Well, it may be great shtick for Saturday Night Live but it’s usefulness ends there. So, on this third day of School Choice Week, I’m reminded of the importance of sticking to verifiable facts.
Here’s one: I’m tired of the charter school wars, particularly the skewing of reality on both sides of the battlefield. For example, in New Jersey we have Mark Weber (aka Jersey Jazzman) who claims that charter operators represent “profit-taking, corruption, lack of transparency.” There’s Princeton-based Save Our Schools-NJ whose lobbyists insist, contrary to data, that New Jersey charters “performed somewhat worse than comparable public schools.”
I’m equally tired of those who insist that charter schools, which gain greater flexibility in exchange for greater accountability (I’m not touching vouchers here) are the answer to all ills that afflict our public education system.
Those committed to improving student outcomes—and I include all of the above in this category—need to find common ground, a goal made more difficult in the current polarizing environment. But we can locate areas of agreement by respecting the most important stakeholders—families in chronically-failing districts—and searching amidst the flummery for reality-based positions.
Here are a few suggestions specific to New Jersey.
- Acknowledge that charters are here to stay. Despite calls by New Jersey’s teachers unions and beholden legislators for a moratorium on new charter school approvals, let’s stipulate that this alternative public school sector will expand in response to student demand. Try telling parents in poor cities that their children will be relegated to, say, Camden High School, where last year 2 percent of students reached proficiency in English language arts and 0 percent reached proficiency in math. Would you send your child there?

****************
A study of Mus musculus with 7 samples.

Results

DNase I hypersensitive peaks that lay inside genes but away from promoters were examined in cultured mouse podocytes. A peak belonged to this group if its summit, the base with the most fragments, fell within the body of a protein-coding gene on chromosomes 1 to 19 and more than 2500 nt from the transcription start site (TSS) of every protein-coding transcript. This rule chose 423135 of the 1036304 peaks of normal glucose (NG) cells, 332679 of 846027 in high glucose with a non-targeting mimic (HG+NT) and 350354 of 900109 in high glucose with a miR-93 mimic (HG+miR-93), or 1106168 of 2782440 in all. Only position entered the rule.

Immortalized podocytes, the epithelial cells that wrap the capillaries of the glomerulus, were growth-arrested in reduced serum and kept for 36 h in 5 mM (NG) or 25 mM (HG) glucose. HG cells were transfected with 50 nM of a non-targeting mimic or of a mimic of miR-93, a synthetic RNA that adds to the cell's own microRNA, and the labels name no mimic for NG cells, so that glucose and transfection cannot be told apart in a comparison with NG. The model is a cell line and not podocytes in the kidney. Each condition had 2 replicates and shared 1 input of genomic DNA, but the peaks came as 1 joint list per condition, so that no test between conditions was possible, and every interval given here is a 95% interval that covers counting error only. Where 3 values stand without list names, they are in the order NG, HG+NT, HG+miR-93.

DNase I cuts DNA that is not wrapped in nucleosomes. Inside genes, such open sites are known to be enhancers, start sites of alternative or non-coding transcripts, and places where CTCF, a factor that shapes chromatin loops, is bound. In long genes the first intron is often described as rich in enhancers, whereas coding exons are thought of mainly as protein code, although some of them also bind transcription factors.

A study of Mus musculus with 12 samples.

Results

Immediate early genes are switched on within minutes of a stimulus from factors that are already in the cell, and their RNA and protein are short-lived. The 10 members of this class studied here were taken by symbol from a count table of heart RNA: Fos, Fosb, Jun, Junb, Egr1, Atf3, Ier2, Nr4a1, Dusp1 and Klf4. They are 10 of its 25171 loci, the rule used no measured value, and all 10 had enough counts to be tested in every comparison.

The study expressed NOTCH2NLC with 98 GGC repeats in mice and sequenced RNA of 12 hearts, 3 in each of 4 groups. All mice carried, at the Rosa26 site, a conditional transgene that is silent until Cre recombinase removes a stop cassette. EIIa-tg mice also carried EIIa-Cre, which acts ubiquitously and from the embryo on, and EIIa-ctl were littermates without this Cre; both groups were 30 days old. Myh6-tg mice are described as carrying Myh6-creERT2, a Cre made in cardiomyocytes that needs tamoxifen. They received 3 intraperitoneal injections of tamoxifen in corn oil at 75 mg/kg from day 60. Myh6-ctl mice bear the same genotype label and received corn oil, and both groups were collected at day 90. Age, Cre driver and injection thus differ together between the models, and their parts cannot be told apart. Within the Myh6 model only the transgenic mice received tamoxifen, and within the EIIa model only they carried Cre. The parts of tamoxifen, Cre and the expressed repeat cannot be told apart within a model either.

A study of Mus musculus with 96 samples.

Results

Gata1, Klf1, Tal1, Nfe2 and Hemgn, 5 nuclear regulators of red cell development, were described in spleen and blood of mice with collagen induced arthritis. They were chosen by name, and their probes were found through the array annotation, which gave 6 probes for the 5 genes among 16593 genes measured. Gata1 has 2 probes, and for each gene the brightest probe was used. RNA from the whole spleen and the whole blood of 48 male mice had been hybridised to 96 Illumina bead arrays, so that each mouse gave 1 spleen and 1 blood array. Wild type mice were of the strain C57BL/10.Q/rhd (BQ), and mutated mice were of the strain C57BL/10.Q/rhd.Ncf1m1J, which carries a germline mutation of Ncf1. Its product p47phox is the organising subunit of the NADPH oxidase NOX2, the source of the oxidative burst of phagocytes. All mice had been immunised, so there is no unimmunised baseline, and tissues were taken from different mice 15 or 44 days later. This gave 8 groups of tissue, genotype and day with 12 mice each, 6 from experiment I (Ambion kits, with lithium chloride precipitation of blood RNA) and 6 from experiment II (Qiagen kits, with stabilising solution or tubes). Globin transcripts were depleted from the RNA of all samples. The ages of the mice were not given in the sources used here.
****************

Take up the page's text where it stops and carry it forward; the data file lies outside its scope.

- Help the traditional public schools too. Let’s also agree that the majority of New Jersey students will always be educated in traditional districts and that, while we have some great schools, student outcomes aren’t good enough. (Fact: Only 42 percent of New Jersey students who took the ACT last year met college-readiness benchmarks.) District and charter collaboration offers a strategy that remains untested in this state. Isn’t it worth a try?
Charters need to serve more kids with special needs. Let’s stipulate that most New Jersey charter schools enroll fewer students with severe disabilities and fewer English-language learners, a practice that must end. But let’s also recognize that this is complicated: As the mom of a son with multiple disabilities, I know that in most cases it takes a large school to muster enough students at similar developmental levels and similar educational needs to create appropriate self-contained or inclusive classrooms and New Jersey charter schools tend to be small. District Child Study Teams, at least initially, steer children towards traditional schools. Also, parents of children with disabilities have the option of enrolling, at district expense (but don’t call them vouchers!), in one of the many private special education schools across the state.
Nonetheless, charter schools must increase enrollment of special needs children. Some are already doing this and others must do so as well. In fact, the New Jersey Education Commissioner recently approved a charter school in Lakewood specifically for children with behavioral disabilities.
- Don’t block sensible ideas. New charter regulations proposed by the Christie administration are sensible: allowing the highest-performing charters to hire teachers and principals without traditional certifications, requiring districts to include charter school students on sports teams and permitting weighted lotteries. No charter school leader would hire or retain ineffective teachers, charter schools aren’t big enough to have their own teams, and weighted lotteries advance precepts we all share.
Let’s eschew Trumpy “alternative facts” and, instead, emulate role models like KIPP-New Jersey parent Tafshier Cosby, who recently noted that “parents of traditional public schools and parents of charter schools agree to disagree, yet they recognize that we’re all in this for the same reason: We want the best for our children.”
After all, that’s why we’re here, right?